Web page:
Nitpick all you want—Brittney Griner can hit the offensive boards harder—but there's no doubt about the favorite for the 2013 title. Here's who's playing for second

Following Baylor's 80--61 win over Notre Dame in the April 3 title game, All-America junior center Brittney Griner was asked in the boisterous Bears locker room if she had a special celebration planned when she returned to Waco. "I want to go bungee jumping," the Final Four's Most Outstanding Player said, laughing, "but I don't know how Coach is going to feel about that." Kim Mulkey is unlikely to let that happen, since her team—which will have all five starters and six of its top seven scorers back—is the clear favorite to repeat as NCAA champion in 2012--13. Here's SI's pre-preseason Top 5.


The 6'8" Griner averaged 23.2 points and 9.5 rebounds, but Mulkey says there's room for improvement. "If she could crash the offensive boards more than she does, I think that's an area of her game that really could be scary." Griner's primary distributor will again be point guard Odyssey Sims (14.9 ppg, 4.4 apg), an emerging star and the nation's best on-ball defender.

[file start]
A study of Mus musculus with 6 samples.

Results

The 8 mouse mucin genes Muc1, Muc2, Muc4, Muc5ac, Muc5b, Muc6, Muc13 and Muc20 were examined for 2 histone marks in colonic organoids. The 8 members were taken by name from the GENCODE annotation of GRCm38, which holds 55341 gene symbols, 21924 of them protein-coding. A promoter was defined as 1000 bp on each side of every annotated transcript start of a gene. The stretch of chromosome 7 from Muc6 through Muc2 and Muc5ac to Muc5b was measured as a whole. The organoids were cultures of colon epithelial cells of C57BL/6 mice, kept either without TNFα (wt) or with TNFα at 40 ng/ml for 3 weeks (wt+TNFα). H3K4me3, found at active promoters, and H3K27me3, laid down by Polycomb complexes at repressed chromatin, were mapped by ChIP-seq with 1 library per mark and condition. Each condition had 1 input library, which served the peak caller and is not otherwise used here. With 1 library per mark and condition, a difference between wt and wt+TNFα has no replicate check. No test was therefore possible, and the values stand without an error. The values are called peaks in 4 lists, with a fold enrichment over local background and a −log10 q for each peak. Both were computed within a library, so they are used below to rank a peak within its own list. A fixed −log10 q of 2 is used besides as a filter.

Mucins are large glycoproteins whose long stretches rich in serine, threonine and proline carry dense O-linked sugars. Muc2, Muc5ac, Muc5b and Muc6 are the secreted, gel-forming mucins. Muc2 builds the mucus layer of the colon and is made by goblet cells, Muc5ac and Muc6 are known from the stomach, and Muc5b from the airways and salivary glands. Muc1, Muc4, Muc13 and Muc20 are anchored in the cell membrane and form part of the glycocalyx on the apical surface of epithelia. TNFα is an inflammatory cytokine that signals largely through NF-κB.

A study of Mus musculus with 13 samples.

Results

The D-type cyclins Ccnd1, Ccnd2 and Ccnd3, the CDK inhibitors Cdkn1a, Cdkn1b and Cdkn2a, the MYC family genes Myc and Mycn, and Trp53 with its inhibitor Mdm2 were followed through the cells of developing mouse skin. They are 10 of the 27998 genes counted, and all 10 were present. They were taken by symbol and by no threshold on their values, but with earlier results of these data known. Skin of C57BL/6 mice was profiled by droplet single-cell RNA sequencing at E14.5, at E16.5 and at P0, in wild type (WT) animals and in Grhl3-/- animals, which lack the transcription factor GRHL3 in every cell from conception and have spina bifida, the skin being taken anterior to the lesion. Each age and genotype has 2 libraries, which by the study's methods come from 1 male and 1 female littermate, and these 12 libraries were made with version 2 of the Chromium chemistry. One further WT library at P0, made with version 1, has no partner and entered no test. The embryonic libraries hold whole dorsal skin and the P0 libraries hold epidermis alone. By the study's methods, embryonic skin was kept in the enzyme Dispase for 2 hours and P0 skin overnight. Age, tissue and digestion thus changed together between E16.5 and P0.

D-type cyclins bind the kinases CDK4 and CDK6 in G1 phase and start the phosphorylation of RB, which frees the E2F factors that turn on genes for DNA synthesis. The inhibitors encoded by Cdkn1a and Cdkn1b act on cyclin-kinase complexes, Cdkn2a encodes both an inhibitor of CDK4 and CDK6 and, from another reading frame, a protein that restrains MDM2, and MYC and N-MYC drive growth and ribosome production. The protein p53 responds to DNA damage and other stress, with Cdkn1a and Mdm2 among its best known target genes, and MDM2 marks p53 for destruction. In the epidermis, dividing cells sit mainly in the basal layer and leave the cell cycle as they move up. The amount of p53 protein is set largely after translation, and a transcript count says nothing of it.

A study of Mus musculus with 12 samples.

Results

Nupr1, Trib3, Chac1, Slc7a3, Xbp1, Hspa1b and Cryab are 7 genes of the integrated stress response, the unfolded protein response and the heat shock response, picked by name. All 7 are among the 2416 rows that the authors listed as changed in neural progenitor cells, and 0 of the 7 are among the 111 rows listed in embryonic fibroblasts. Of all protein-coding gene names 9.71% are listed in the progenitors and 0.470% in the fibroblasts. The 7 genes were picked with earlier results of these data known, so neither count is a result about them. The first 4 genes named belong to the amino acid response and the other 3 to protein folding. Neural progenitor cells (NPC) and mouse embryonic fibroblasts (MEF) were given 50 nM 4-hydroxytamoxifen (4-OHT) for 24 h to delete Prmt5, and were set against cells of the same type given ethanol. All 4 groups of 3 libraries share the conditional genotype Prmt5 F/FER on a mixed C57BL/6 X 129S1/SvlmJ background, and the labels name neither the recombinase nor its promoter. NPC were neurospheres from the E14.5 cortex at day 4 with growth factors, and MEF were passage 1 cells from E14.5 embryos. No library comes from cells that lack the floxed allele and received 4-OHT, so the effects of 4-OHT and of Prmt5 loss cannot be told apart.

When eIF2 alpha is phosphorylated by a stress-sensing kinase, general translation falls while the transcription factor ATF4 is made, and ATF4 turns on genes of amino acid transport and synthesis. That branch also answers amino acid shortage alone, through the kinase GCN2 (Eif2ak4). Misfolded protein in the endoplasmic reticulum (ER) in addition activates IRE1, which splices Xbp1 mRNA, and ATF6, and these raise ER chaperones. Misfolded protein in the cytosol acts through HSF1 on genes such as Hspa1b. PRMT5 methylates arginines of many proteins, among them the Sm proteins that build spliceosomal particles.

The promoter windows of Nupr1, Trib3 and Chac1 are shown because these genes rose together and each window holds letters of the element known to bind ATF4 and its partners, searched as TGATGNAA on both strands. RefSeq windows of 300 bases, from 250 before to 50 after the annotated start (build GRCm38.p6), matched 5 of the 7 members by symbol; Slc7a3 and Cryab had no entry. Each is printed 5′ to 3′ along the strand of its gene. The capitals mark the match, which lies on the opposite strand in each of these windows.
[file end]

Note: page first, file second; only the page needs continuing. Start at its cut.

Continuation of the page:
A defense-first group (the Huskies held teams to a nation-best 30.3 field goal percentage) has four starters returning, including glue guard Kelly Farris, clutch-shooting point guard Bria Hartley and guard Kaleena Mosqueda-Lewis, who last season led UConn in scoring (15.0 points) coming off the bench as a freshman. They'll be joined by 6'3" forward Breanna Stewart (Cicero--North Syracuse High), the nation's top recruit, whose basketball IQ is reminiscent of four-time All-America Maya Moore.


The Blue Devils' top six scorers are back from the team that reached the Elite Eight. Center Elizabeth Williams (14.0 ppg, 7.8 rpg as a freshman last season) is the nation's best center after Griner, and point guard Chelsea Gray (12.5 ppg, 6.1 apg, 4.9 rpg, 2.8 spg) does just about everything.


After the Cardinals lost two starters (guard Tia Gibbs and forward Monique Reid) to season-ending injuries, point guard Shoni Schimmel and guard Bria Smith—who started 33 games as a freshman in '11--12—helped Louisville advance to the second round. Gibbs is expected back from a torn labrum, and if Reid gains a fifth year of eligibility from the NCAA—she suffered an osteochondral injury to her left knee—this team has the potential to make a giant leap.


All-America forward Alyssa Thomas (17.2 points, 8.0 rebounds as a sophomore) and three other starters from the Terrapins squad that reached the Elite Eight will be joined by incoming 6'3" forward Malina Howard, the top-rated post player in the country, who averaged 19.1 points for Twinsburg (Ohio) High. Says Thomas, "We're going to do good things next season."




RATED BG The Final Four stage belonged to Griner, but surrounded by four other starters who will be back next season, she was no one-woman wrecking crew.